The Working Group on Marine Mammal Ecology (WGMME) met at the University of the Azores in Horta, The Azores from 12 April to 15 April 2010. Sinéad Murphy chaired the meeting of 25 participants, representing twelve countries.
Seven different ToRs were assessed, covering a wide range of issues, including reviewing the effects of wind farm construction and operation on marine mammals and assessing the current contaminant loads in marine mammals within the ICES Area. Other topics included reviewing population abundance, structure and status of marine mammals off the Azores, further development of a framework for surveillance and monitoring of marine mammals, evaluating the scope for a European marine mammal tissue bank, assessing the current status of the Saimaa ringed seal popula‐tion, grey seal prey consumption in UK waters, and further development of the ICES seal database. The European Commission also requested an assessment of the population status of cetaceans concerned by EC Regulation 812/2004.
The WG outlined and reviewed the potential negative impacts of wind farms (construction and operation) on marine mammals and provided advice on research needs, monitoring and mitigation schemes. The WG made a number of recommendations with regard to wind farm developments, including the establishment of means for efficient dissemination of results of common interest and means of making available previous EIA reports and previously collected baseline data for subsequent studies and assessments. The WG also recommended that multinational studies should be undertaken, and management decisions regarding offshore wind farms should be based on appropriate populations and/or management units for the relevant marine mammal species, irrespective of national borders. Further, development of methods to assess the cumulative effects on marine mammals of the underwater noise level caused by the simultaneous wind farm construction and operation at nearby sites. Other recommendations relate to improving our understanding of the characterization sources of underwater noise associated with the construction and operation of offshore wind farms, establishing common accepted tolerance limits for acute noise exposure in marine mammals and the development of common guidelines for mitigation in relation to pile driving.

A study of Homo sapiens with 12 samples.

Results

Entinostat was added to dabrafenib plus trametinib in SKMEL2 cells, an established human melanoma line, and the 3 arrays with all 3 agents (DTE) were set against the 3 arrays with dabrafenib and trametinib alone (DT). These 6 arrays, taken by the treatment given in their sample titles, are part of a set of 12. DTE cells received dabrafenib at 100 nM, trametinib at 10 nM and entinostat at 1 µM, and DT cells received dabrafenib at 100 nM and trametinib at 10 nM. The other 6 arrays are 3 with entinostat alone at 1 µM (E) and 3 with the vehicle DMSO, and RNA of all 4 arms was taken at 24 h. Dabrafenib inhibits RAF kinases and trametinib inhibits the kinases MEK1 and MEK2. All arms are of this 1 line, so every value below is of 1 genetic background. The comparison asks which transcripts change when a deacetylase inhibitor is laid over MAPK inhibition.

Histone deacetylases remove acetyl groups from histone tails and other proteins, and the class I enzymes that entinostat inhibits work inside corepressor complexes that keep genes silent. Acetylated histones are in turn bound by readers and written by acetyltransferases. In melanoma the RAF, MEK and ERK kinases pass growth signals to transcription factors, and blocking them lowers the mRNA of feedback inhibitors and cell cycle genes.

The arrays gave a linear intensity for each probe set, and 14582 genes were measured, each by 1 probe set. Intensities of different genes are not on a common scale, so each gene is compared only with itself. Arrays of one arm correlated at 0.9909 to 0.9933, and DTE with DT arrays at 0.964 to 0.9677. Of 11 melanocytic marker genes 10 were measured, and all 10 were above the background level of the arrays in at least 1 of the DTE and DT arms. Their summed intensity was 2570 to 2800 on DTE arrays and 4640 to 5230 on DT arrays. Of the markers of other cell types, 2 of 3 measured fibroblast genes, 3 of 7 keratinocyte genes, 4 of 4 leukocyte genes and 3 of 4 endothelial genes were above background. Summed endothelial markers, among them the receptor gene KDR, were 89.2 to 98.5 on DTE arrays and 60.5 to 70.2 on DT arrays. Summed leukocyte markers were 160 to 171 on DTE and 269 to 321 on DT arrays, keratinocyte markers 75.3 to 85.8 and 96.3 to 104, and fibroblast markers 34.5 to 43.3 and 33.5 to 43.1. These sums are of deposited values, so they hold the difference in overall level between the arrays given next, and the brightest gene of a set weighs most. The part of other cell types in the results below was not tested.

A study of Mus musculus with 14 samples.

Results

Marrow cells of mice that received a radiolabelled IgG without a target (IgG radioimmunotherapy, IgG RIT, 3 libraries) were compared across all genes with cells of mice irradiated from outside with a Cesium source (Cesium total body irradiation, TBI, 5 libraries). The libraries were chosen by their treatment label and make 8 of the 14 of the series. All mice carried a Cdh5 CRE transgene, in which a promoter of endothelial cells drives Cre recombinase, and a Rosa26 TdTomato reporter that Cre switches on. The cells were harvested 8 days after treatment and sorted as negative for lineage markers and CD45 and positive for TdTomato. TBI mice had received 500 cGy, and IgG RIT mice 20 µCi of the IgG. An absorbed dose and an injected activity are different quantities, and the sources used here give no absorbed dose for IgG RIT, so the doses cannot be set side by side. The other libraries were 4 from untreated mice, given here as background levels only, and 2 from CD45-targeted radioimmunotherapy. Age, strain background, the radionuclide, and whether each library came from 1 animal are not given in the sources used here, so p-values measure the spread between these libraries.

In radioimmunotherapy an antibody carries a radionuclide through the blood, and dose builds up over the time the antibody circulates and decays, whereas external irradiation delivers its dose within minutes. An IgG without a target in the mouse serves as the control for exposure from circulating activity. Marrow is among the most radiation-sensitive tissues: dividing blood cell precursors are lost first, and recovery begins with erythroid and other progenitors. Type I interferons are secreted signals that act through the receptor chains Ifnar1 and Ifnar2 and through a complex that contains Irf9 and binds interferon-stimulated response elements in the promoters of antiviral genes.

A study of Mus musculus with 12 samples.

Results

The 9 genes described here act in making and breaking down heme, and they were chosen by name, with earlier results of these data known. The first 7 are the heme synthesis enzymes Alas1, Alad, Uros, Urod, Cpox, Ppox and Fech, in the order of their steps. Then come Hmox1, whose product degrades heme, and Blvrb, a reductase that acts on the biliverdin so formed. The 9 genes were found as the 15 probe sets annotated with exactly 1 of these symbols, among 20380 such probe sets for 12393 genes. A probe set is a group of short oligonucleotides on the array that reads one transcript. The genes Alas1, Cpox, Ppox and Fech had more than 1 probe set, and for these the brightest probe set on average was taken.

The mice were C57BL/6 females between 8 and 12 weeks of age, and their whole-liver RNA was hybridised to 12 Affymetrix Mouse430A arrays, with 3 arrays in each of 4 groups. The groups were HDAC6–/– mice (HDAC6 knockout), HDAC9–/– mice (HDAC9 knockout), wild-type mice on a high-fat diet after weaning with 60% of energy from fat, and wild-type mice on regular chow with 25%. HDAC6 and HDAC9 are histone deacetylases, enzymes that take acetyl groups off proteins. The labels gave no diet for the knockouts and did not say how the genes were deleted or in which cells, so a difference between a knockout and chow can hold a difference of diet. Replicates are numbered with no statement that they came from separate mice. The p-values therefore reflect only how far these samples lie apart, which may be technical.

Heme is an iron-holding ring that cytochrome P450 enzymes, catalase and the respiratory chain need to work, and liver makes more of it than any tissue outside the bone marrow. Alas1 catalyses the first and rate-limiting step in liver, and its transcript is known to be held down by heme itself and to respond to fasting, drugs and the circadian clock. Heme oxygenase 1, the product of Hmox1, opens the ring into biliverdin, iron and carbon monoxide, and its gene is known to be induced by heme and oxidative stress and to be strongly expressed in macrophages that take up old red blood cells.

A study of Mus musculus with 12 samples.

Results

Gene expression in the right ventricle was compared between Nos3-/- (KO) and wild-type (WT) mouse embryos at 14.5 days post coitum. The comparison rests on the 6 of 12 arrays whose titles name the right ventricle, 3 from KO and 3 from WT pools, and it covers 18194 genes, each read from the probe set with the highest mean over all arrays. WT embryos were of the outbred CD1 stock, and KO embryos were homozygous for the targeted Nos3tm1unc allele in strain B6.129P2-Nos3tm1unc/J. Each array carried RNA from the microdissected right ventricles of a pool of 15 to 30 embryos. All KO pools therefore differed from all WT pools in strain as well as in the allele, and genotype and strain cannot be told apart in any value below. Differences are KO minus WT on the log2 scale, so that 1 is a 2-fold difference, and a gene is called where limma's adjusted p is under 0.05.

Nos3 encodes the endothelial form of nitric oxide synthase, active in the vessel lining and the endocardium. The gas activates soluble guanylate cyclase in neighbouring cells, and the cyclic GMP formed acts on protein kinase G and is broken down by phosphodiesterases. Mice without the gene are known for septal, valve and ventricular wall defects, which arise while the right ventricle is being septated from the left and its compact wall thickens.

An overview on current contaminant loads in marine mammals inhabiting the ICES Area is presented within this report, and highlights (regions and) marine mammal populations at highest risk from environmental exposure. Further, the cause–effect relationships between contaminants and health status, and the population‐level effects of environmental impacts were also assessed. Despite being banned for two to three decades, polychlorinated biphenyls (PCBs) still occur at concentrations that exceed proposed thresholds for mammalian toxicity in some marine mammal top predator species, including bottlenose dolphins, killer whales and polar bears. Compared with many other legacy pollutants, PCBs are declining only very slowly in many geographic regions (e.g. harbour porpoises in UK waters). Given the high levels of PCBs in marine mammals (compared with proposed toxicity thresholds), the resistance of PCBs to environmental degradation and their relative toxicity, PCBs undoubtedly continue to pose the greatest toxicological threat to some marine mammal species within the ICES Area. The WG recommended that research is needed to assess trends in contaminant exposure (PCBs and newer contaminants) and to conduct risk assessments for health and reproductive effects from contaminant exposure in species of highest risk (e.g. killer whales, St Lawrence belugas, polar bears, bottlenose dolphins, and Baltic marine mammals).